Sam Allardyce will be named as the new England manager – with confirmation expected in the next 24 hours.
Allardyce will leave Sunderland after nine months at the Premier League club.
The 61-year-old replaces Roy Hodgson, who resigned after the surprise defeat by Iceland at this summer’s Euro 2016 finals in France.
Allardyce, a former West Ham, Newcastle and Bolton boss, spoke to the Football Association last week and has been chosen ahead of Hull’s Steve Bruce.
The only remaining issue to be settled is compensation to Sunderland, with Allardyce having a year left on his contract at the Stadium of Light.
The club issued a statement on Wednesday, saying it was “aware of the intense media speculation”, but that Allardyce remained in charge “at the present time”.
It added: “We share in the anger and frustration of our supporters and would like to assure them that we are working to conclude the matter in the best interests of Sunderland AFC.”
Allardyce was present as Sunderland beat Hartlepool 3-0 in a pre-season friendly on Wednesday, but left before full-time.
The FA board meets on Thursday, when it is expected Allardyce’s appointment will be officially confirmed.
Both Sunderland and Hull had urged the FA to act quickly, with the new Premier League season less than a month away.
Allardyce was interviewed for the England job following Sven-Goran Eriksson’s departure after the 2006 World Cup but Steve McClaren was appointed.
His first competitive game in charge will be a World Cup qualifier in Slovakia on 4 September.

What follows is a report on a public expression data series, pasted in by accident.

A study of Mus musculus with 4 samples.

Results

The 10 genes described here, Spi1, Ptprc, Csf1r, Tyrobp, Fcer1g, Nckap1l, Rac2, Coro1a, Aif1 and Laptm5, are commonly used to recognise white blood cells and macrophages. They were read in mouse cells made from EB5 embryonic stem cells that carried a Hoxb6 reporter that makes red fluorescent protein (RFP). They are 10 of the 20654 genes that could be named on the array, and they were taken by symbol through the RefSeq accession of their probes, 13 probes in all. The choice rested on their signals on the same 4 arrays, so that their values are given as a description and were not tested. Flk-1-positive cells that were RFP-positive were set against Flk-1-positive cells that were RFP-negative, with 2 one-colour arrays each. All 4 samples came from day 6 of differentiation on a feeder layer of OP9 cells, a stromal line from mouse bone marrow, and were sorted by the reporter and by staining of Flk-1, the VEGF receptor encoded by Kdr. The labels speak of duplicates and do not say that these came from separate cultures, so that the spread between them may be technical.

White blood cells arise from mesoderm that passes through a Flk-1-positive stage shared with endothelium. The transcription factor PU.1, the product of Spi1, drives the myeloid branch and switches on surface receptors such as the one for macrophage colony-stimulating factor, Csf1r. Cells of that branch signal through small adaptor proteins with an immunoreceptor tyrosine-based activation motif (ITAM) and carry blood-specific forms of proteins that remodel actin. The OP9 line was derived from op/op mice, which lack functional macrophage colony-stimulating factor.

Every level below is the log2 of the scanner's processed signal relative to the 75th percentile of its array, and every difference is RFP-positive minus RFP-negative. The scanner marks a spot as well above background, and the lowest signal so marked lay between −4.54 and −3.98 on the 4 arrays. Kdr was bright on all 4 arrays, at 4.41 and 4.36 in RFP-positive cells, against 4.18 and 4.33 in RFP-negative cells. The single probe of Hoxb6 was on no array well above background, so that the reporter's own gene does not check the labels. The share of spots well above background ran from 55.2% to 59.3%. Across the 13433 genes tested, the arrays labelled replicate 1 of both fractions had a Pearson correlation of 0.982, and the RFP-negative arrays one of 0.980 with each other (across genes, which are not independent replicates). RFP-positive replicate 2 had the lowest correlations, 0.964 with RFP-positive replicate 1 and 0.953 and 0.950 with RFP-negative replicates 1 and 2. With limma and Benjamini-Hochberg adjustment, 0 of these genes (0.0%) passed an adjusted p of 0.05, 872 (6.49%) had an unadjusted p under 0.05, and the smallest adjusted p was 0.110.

Allardyce will become the 15th permanent England boss, the pinnacle of a managerial career that started at Blackpool in 1994 and has taken in 467 Premier League games – behind only Sir Alex Ferguson, Arsene Wenger and Harry Redknapp.
He has never won a major trophy but did secure promotion to the Premier League with both Bolton and West Ham, and won Division Three with Notts County in 1998.
As a player, Allardyce started at Bolton in the 1970s before spells at Sunderland, Millwall, Coventry, Huddersfield, West Brom, Irish club Limerick and US side Tampa Bay Rowdies before ending his career at Preston.
Bournemouth manager Eddie Howe and USA coach Jurgen Klinsmann had also been linked with the job.
Allardyce has been chosen by a three-man FA panel of chief executive Martin Glen, technical director Dan Ashworth and vice-chairman David Gill, who said they were seeking a strong-minded, tactically savvy manager who could build a clear team identity.
Glenn also told BBC sports editor Dan Roan earlier on Wednesday that the new manager would need to “build resilience” in players so they are able to deal with criticism on social media and the pressures of an “intensely passionate” English media.
“The British press, like it or not, are probably the most intensely passionate about the game in the world and that has a spill-over effect,” he said.
“The consequence of which is people probably play not to make a mistake, as opposed to play to win.
“So the new manager’s got to be someone who can inspire people to get the best out of themselves, build resilience and unashamedly adopt the kind of psychological techniques that other sports and other football teams have done.”
Sunderland will now be looking for a ninth permanent manager in less than eight years. Former Manchester United and Everton boss David Moyes and current Burnley manager Sean Dyche are reported to be among the favourites.